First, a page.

Everybody was there. Actors, house managers, directors. Folks I’ve met in and around Boston theater over the past twenty years. So many theater insiders lent an expectant buzz to the Huntington Theater’s opening production of Sherlock’s Last Case. I wondered why they were in the audience rather than behind the curtain. Same reason, it turns out, that I was there. The Huntington Theater distributed a rasher of comp tickets to ensure an opening night full house; and theater mavens gobbled them up.
Sherlock’s Last Case is an amiable farce, littered with witty lines that evaporate as quick as the audience giggles. Like all Huntington productions, the set was an elaborate creation (in this case Victorian bric-a-brac run amok), the costumes spot on, the acting tight. It was enjoyable as…as… as… sitcom, which is all well and good, but hardly worth the effort of turning off my 42” TV, rising off my sofa, and forking over fifty bucks for a ticket. Which is also why the tickets were free.
Intermission, twitter: ‘What’s the point of this?’ At which point I realized that, in the twenty-first century, live theater as entertainment is passé. We can chuckle to witty one-liners on over a hundred television channels 24/7. Three hundred hours of video are uploaded to You Tube every minute. In a culture that suffers no shortage of entertainment, live theater demands too much attention, too much focus—and too much money—to simply entertain. It must transcend what a screen can offer.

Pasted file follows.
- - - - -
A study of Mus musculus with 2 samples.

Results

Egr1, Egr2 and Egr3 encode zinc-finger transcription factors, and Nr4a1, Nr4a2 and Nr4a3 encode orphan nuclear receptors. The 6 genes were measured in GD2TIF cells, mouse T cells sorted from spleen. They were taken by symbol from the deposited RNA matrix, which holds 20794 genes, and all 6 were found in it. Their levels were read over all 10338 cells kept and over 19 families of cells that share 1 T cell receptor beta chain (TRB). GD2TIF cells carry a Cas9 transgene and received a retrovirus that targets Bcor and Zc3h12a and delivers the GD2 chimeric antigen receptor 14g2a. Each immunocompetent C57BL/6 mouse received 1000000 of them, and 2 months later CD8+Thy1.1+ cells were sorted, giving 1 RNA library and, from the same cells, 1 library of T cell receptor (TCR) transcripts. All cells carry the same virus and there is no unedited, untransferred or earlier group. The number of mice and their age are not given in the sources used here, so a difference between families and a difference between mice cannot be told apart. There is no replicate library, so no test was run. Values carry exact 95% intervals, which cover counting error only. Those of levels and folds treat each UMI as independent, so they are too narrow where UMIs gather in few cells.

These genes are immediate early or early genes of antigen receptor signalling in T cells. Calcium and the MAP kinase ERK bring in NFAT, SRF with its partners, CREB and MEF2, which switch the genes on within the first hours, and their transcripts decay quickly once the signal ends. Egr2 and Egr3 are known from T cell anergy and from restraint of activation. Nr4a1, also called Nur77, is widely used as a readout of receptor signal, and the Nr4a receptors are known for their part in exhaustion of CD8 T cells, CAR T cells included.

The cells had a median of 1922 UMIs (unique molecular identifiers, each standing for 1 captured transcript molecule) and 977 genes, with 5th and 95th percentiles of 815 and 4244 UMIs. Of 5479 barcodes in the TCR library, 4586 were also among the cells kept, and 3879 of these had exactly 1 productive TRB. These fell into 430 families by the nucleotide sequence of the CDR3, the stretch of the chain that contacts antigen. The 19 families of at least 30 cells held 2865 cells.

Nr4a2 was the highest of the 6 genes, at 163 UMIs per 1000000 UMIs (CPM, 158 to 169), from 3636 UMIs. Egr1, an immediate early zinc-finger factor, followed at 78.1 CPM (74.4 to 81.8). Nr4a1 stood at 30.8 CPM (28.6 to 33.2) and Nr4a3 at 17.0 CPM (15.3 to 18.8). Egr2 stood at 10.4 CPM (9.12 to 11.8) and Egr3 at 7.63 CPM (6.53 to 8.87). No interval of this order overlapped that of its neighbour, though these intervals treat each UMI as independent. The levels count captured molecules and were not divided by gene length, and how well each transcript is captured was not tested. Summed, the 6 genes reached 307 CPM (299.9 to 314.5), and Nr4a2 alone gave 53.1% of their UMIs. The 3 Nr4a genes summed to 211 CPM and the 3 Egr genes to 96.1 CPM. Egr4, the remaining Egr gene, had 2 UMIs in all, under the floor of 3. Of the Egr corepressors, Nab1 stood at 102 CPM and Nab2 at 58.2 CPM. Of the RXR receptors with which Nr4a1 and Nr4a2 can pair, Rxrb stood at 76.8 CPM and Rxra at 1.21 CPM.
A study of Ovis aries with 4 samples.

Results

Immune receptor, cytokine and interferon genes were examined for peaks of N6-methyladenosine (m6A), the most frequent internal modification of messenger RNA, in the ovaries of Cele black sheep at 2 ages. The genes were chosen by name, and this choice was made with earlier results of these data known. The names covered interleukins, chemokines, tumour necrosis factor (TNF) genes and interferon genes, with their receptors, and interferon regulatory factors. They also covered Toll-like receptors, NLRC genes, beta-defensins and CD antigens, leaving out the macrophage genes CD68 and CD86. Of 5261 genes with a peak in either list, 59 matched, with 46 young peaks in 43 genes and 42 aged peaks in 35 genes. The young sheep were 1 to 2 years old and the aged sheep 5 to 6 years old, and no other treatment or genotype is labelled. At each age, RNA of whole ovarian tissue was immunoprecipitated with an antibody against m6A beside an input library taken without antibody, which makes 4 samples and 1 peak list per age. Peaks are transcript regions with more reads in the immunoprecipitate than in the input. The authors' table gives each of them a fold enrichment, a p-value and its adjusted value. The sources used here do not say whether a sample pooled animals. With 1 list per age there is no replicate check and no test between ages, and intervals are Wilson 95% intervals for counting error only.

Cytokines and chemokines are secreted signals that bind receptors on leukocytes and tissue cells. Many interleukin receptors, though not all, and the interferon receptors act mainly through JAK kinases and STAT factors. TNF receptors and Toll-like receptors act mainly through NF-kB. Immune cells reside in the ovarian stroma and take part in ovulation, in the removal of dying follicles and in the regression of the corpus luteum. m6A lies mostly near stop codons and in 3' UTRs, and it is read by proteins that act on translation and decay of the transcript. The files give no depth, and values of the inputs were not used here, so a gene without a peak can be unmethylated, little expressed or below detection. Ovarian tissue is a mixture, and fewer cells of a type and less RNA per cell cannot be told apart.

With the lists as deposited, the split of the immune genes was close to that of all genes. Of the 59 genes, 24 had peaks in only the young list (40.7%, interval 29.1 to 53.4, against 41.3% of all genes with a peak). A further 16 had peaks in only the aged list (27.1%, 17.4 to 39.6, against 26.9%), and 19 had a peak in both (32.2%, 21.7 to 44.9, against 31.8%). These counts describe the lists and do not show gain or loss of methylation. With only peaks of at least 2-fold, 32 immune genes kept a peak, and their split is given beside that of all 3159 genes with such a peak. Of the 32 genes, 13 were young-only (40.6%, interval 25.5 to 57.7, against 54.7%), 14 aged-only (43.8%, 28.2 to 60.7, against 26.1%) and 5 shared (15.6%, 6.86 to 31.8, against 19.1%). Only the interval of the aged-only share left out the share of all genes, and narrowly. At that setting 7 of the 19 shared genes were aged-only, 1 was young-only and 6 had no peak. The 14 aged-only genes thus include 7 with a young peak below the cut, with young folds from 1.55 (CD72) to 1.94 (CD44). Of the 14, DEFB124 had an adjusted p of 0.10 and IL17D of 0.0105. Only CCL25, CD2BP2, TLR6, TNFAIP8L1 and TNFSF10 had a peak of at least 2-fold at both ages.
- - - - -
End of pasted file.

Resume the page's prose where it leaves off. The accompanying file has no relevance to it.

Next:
Let’s call is art.
Later in the season, I attended a performance of Jennifer Blackmer’s Delicate Particle Logic at Watertown’s Mosesian Center. I paid real money to sit in a black box theater, with minimal set and vintage shop costumes to watch talented though fledging actors: an experience much richer than what the Huntington had provided. The story of a Jewish female physicist in Nazi Germany is not sitcom fodder, yet the triangle of politics, love, and science is extraordinary. The simple production left room for the imagination to embellish incomplete details and deduce partially stated truths. The play, and this production, played the only trump card live theater holds over anything created on a screen. Delicate Particle Logic was entertaining, yet also inspiring, thought provoking, and emotionally complex. It demanded more direct connection than anything I watch at home; and more active attention than Sherlock required as well. And since I invested more in Delicate Particle Logic, I reaped a greater reward.